Memorable CLNC® Case

My Most Memorable CLNC® Case: My First Major Case Gave Me the Confidence to Offer My Expertise to Attorneys

My most Memorable CLNC® Case involved a 35-year-old female who was 3 days postpartum following a delivery due to eclampsia. The patient presented to the emergency department (ED) one hour after being discharged from the OB unit for shortness of breath and hypertension.

Upon arrival her initial vital signs (VS) were: BP-157/90, HR-108, RR-24, T-97.9, Sa02-95% and Pain-10/10. She stated, “I got released from upstairs and my blood pressure is high. I took it earlier and it was 190/111. I feel short of breath also.” Repeat VS were: BP-175/111, HR-117, RR-24, Sa02-94% and Pain-10/10. She was assigned the Emergency Severity Index (ESI) 3.

16 minutes after arriving to the ED, the patient was ambulated to the room and placed in a gown. The nurse documented that ABCs were normal and the patient was awake, alert, and cooperative with calm affect. The nurse also documented that the patient was positive for chest pain, diaphoresis and shortness of breath.

Seven minutes later the patient was up and dressed and refused to stay to see the physician. It was documented that the patient “will rest for one hour and will return if symptoms continue.” The nurse documented that she encouraged the patient to stay, but the patient refused.

85 minutes later the patient returned to the ED. VS were: BP-164/89, HR-112, RR-24, T-97.6, Sa02-92% and Pain-10/10. She was taken to the room via wheelchair and placed in a gown. An EKG was completed. Documentation indicated normal ABCs, and the patient was calm, appropriate and speaking coherently. The nurse documented sharp chest pain with radiation to the left arm and complaints of shortness of breath. Documentation reflected a vaginal delivery 3 days prior and stated that symptoms started one hour prior. She also noticed swelling in her feet and ankles. Non-pitting edema in both legs was documented.

20 minutes after arrival VS were: HR-113, RR-21 and Sa02-87%. It was documented that 02 was started 2L/NC with continuous pulse oximetry. Repeat VS five minutes later were: BP-163/109, HR-109, RR-26 and Sa02 92%. Ten minutes later an IV was placed. The patient was sent to radiology for a CT.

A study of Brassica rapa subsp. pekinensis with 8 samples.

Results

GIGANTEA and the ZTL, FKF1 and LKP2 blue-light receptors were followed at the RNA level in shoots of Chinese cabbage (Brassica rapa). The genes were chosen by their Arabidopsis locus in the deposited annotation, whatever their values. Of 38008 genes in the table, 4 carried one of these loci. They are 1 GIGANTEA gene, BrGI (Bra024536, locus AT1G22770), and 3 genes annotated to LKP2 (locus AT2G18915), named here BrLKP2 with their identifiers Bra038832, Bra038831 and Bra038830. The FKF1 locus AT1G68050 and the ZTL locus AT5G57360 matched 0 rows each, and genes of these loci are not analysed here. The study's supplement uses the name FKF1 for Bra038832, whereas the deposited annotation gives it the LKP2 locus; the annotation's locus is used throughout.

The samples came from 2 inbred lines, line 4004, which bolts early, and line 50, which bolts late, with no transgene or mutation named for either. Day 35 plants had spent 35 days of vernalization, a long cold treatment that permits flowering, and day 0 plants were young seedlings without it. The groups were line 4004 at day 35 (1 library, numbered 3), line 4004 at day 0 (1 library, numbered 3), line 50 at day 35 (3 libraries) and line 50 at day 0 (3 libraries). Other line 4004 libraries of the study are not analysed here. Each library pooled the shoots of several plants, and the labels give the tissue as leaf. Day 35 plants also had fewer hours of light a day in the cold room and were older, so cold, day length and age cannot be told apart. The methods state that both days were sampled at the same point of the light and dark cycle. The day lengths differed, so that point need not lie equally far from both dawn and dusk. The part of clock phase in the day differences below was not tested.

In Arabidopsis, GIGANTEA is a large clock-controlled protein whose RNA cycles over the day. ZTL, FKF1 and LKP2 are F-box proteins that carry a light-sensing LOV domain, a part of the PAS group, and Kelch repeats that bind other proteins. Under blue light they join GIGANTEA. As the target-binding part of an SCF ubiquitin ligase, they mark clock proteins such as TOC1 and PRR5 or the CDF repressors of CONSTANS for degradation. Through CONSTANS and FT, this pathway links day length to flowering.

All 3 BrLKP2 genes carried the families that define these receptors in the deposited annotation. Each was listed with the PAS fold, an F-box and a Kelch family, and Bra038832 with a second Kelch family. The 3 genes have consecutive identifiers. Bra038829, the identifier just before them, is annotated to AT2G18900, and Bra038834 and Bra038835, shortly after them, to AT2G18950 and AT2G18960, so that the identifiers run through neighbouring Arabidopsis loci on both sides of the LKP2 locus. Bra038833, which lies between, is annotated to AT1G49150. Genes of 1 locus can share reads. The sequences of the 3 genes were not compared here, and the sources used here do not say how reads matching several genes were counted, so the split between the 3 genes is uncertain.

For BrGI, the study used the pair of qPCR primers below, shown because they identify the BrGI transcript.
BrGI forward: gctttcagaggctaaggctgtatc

20 minutes later the patient returned from CT. VS were: BP-163/109, HR-122, RR-36 and Sa02-82% on 2L. The patient was noted to be extremely anxious and stated, “I want to go home.” She was coughing up large amounts of pink frothy sputum and had complaints of nausea.

Two minutes later Zofran was administered. It was noted that the patient continued to be very anxious. A non-rebreather mask was initiated at 15L. Cyanosis and increased shortness of breath were noted. The staff prepared to intubate.

Five minutes later, etomidate 30 mg and succinylcholine 150 mg were administered. VS were: BP-163/109, HR-38, RR-20 and Sa02-74%. Two minutes later CPR was started. The patient progressed from pulseless electrical activity to asystole. 22 minutes later she was pronounced dead. Sa02 never improved post intubation or during CPR.

I was hired by the plaintiff attorney to provide a chronological timeline with opinions regarding nursing standards and deposition questions for defense witnesses.

Deviations from the standards included:

  1. Inappropriate documentation related to triage and care of the patient. The Emergency Severity Index was inadequate. The patient was not identified as at risk related to pain > 6/10, abnormal VS, chest pain and shortness of breath.
  2. Failed to monitor the patient appropriately while in the ED.
  3. Failed to obtain an EKG within 10 minutes of complaint of chest pain.
  4. Failed to identify the patient was declining in status related to blood pressure, heart rate and oxygen saturation.
  5. Failed to have a nurse accompany the patient to CT.
  6. Failed to be more assertive about the patient leaving. Allowed the patient to leave with chest pain and shortness of breath. The Emergency Medical Treatment and Labor Act (EMTALA) requires an emergency medical screening to rule out an emergency medical condition. The patient did not get that screening. The question is, should the nurse have notified the physician that the patient wanted to leave? Did she have enough information prior to the patient leaving?
  7. Failed to notify the providers of the patient leaving.

This case was my most memorial because it was my first major case. I brought my nursing experience to the case. I have strong opinions when it comes to nursing standards and the care or lack of care given to the patient. This case affected the family left behind.

Lessons I learned started with being prepared. More importantly, don’t just do the job requested – also offer additional information and insights. The attorney wants to hear your thoughts. I have received multiple cases from this attorney. It has made me a stronger CLNC and more confident to offer my expertise to attorneys.

Guest Blogger Profile

Carol Fridal, MS, RN, CEN, CLNC owner of C Fridal Legal Nurse Consulting has more than 30 years’ nursing experience in emergency and trauma. Carol consults on medical malpractice and personal injury cases for plaintiff and defense attorneys.

P.S. Comment here to congratulate Carol Fridal, MS, RN, CEN, CLNC and to share your most memorable CLNC case.

One thought on “My Most Memorable CLNC® Case: My First Major Case Gave Me the Confidence to Offer My Expertise to Attorneys

  1. Congratulations! This inspired me to also become a Certified Legal Nurse Consultant after 30 years. Thank you!